I was 7 years old.
- Divorce was almost unheard of at the time.
- Des Moines, Iowa Divorce was scandalous
- My parents got divorced
- I came home from school one day and my Mom and 2 (of 3) older brothers had left. They moved 40 minutes away
- It felt like I had fallen down the proverbial rabbit hole.
The divorce was nasty and the anger and resentment spanned decades; sending ripples of anxiety, stress, depression and anger into all of our lives. Rather than a safe, happy childhood our experience of family looked very different.
- Walking on eggshells all the time
- Needing to keep secrets from each parent about the other
- Mine fields of topics, phrases, and places
- Mental preparation to leave one parent to visit the other
- Mental preparation for holidays, and exhaustion and depression during the holidays
- Mental and physical preparation for milestone celebrations or how to avoid celebrations altogether (all 4 of us choose not to go to our own high school graduation)
- Planning for who would be responsible for which parent to try to ensure minimum fallout for celebrations
- Taking sides – the endless pull to take sides and the resulting guilt for having taken sides
- The fallout after celebrations for whatever was perceived as an issue
- Financial strain: asking for something (Prom Dress, school clothes) and being told the other parent should pay for it, then being told I pay child support…;
- Guilt for not being able to protect/ help siblings
- Stress of having to support an emotionally overwrought parent
I made a decision to dedicate my life to “fixing” divorce. I went to law school, and then spent decades practicing family law in an effort to stop the ripples before they began.
My Wedding – I took a stand. I made a choice. I was done – fed up and exhausted. This was the turning point (at least outwardly) with my parents’ divorce. I would not let their issues affect my children or my marriage. And yet – it still did; because inside I still struggled with all the same emotions. Those survival mindsets I developed during the divorce were still controlling my emotions, fears, behaviors, decisions and dreams.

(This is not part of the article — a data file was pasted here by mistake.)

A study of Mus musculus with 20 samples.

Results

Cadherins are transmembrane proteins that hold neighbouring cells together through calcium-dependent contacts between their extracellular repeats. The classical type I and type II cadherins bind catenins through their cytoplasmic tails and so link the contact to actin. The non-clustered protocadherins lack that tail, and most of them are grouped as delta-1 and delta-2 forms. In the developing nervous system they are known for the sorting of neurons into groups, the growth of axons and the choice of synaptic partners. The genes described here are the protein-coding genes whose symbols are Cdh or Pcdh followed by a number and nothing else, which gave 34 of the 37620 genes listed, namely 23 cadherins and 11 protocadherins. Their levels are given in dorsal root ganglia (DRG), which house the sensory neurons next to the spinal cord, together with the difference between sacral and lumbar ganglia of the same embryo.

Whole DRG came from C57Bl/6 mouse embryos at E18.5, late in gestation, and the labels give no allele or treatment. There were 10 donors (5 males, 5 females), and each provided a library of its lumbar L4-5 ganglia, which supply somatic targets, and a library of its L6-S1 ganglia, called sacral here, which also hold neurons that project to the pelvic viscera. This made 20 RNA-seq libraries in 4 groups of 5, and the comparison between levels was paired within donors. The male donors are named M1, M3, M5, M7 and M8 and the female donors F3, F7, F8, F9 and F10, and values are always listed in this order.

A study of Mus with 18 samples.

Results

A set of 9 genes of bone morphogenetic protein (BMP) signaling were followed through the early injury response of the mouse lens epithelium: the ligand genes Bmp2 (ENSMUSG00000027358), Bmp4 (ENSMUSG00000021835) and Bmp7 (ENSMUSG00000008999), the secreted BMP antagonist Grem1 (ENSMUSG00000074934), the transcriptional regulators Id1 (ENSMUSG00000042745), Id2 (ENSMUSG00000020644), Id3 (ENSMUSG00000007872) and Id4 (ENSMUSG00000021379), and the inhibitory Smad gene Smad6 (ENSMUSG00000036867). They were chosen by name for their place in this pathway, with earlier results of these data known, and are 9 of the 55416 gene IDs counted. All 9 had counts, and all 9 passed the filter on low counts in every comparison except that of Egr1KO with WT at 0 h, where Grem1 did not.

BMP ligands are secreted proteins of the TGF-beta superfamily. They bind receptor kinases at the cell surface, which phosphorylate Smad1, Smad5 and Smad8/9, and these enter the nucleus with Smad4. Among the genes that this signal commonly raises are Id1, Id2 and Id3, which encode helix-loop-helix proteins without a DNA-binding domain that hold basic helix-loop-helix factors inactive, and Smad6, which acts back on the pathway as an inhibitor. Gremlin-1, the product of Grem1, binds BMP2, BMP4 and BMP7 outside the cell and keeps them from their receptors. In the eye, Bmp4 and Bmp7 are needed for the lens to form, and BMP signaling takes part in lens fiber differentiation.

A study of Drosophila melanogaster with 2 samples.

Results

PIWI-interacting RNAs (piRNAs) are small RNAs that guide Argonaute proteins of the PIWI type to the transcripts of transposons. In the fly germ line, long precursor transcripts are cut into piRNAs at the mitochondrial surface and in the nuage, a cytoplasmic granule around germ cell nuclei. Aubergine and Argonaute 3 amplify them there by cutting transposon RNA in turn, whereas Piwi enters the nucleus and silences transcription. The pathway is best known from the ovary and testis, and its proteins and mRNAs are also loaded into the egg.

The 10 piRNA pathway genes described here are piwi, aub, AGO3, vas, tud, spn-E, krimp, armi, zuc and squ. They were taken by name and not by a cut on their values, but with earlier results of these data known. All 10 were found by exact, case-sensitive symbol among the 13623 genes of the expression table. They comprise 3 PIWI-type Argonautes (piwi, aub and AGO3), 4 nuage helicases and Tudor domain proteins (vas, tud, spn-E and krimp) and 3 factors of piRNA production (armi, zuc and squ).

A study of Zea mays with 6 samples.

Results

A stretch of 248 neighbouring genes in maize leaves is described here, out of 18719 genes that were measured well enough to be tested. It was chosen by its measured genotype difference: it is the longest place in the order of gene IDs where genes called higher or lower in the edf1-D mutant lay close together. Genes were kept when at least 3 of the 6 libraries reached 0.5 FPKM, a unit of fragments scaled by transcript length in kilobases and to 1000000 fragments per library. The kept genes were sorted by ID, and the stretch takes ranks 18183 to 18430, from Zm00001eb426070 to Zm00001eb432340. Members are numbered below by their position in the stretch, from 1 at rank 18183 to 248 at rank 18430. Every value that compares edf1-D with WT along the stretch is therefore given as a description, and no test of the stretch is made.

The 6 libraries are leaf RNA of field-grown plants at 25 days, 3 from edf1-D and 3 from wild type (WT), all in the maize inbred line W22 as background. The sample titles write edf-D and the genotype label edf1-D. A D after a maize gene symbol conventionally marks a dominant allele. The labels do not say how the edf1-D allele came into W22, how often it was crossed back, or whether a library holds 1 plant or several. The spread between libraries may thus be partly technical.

50 years after my parents’ divorce I decided to become a life coach. During my training I went deeply into who I am and what makes me tick. I developed tools and learned to understand my emotions. It was during this time of deep reflection and working on myself that I realized just how deep the impact of my parents’ divorce was rooted in my mind. I had become the ultimate people pleaser. My life decisions, actions and inactions all started to make sense. I could see how being a people pleaser had shaped so much of my life, decisions, the inability to trust myself, the inability to know what I wanted, and my inability to have a vision or to dream.
Being a people pleaser also made running a business for profit practically impossible; it also impacted my relationship with money. So I decided to become a money coach and a business coach.
I have created the path for people pleasers to find their authentic selves, voices and profitable business. I created the path for myself – and now it gives me great joy to share that path with others.